Community of partners puts new face on Baltimore street -- Habitat for Humanity Int'l 1

Community of partners puts new face on Baltimore street

 


More than 300 Stevenson University students gather before starting work in the Jefferson Street neighborhood of Baltimore, Maryland, during the final day of the 27th Jimmy & Rosalynn Carter Work Project. ©Habitat for Humanity/Gregg Pachkowski

   
 


Stevenson University freshmen Stefon McCray (left) and Joe Hindle help plant trees along Jefferson Street in conjunction with Baltimore’s Parks & People Foundation. ©Habitat for Humanity/Gregg Pachkowski

   
 


Ernest Smith is president of the McElderry Park Community Association, which has been working with Habitat to revitalize the Baltimore, Maryland, community. ©Habitat for Humanity/Gregg Pachkowski


By Susan Dunn-Lisuzzo and Meghan Dunn


More than 300 students from Stevenson University fanned out along Baltimore, Maryland’s Jefferson Street and the surrounding blocks Saturday in what Habitat for Humanity of the Chesapeake called a “community partner day.”

This corps of volunteers helped rehabilitate homes, clean up litter from the neighborhood and line Jefferson Street with a row of trees during a day of building and neighborhood beautification.

Habitat of the Chesapeake staff members Leila Kohler-Frueh, director of community engagement, and Jessica Drake, youth engagement coordinator, worked with Stevenson University and local stakeholders to coordinate the event. Among the local partners were Amazing Grace Lutheran Church, Banner Neighborhoods, Civic Works and the Monument-McElderry-Fayette Association.

“It felt like the perfect model for how the city can come together to help itself and to fill what had been left abandoned with life instead,” Kohler-Frueh said. “It's a powerful testimony to the positive, revitalizing spirit of this neighborhood that we had everyone from children to seniors—neighbors both near and far—take up a hammer, paintbrush or shovel in the effort of creating community together.”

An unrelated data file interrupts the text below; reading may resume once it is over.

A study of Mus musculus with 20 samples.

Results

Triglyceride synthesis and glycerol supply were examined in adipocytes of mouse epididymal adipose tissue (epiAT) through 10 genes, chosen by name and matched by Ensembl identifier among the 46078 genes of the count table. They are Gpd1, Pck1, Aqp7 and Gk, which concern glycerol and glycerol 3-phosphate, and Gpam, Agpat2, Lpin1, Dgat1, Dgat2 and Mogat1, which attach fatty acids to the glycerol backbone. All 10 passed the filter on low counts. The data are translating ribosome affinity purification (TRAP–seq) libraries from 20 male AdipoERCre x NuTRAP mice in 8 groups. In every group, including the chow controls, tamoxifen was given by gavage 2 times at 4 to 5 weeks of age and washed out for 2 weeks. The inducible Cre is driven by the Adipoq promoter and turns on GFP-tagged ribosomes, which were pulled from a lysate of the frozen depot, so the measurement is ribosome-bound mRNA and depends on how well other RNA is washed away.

“The idea is that Habitat helps leverage revitalization through housing,” said Mike Mitchell, CEO of Habitat of the Chesapeake. The affiliate hopes to “build the neighborhood’s capacity to access capital, in this case, people resources.”

Among the “people resources” Saturday were Stevenson University’s football team. Ed Hottle, the head football coach, thought bringing the players out today would build teamwork and provide an opportunity for the players to get to know each other a little better. “We have guys who grew up in this neighborhood,” he said.

Donnell Brown, a sophomore football player, volunteered for the first time with Habitat, sanding, priming and painting. He said he was “excited to be part of it,” and to come back to the place he calls home. When asked if he would volunteer with Habitat again, Brown said, “Yes ma’am, most definitely.”

Change is coming


“When the area was at its worst, it looked like a war zone,” said Ernest Smith, president of McElderry Park Community Association and co-chair of the Monument-McElderry-Fayette redevelopment plan. In his 23 years in this area, he has seen this neighborhood at its best and worst.

“When I moved into the area, every house on the block was occupied, but over 20 years there has been a steady decline to the neighborhood,” Smith said, referring to the drugs, the crime and the boarded-up and dilapidated properties that characterized Jefferson Street for so many years.

No one factor can be credited with the decline, but absentee landlords surely played a role, along with “people buying properties and not putting money back into them,” Smith said.

At one point, Smith recalled, “only two families on the entire block were left.” He encouraged those families to hold on, telling them, “Change is coming.”

In 2007, about the time the MMF redevelopment plan, in which Smith played a large role, was submitted to Baltimore City, Habitat reached out to the McElderry Park Community Association with a desire to work in this community.

Smith’s hope was that if Habitat for Humanity would rehabilitate “a number of the vacant and abandoned properties, other investors would see the work and fix up other properties.” That is exactly what is happening in the 2400 block of Jefferson Street. Now, Habitat has spread out across several blocks, increasing the impact of its efforts.

Smith describes Saturday’s Community Partner Day as “part 2 of having Habitat in the area.” He can barely contain his enthusiasm when he talks about the hundreds of volunteers and community residents joining together to bring the neighborhood back to life. His excitement is contagious.

Susan Dunn-Lisuzzo is national communications manager for Habitat for Humanity International. Meghan is a volunteer at the Jimmy & Rosalynn Carter Work Project.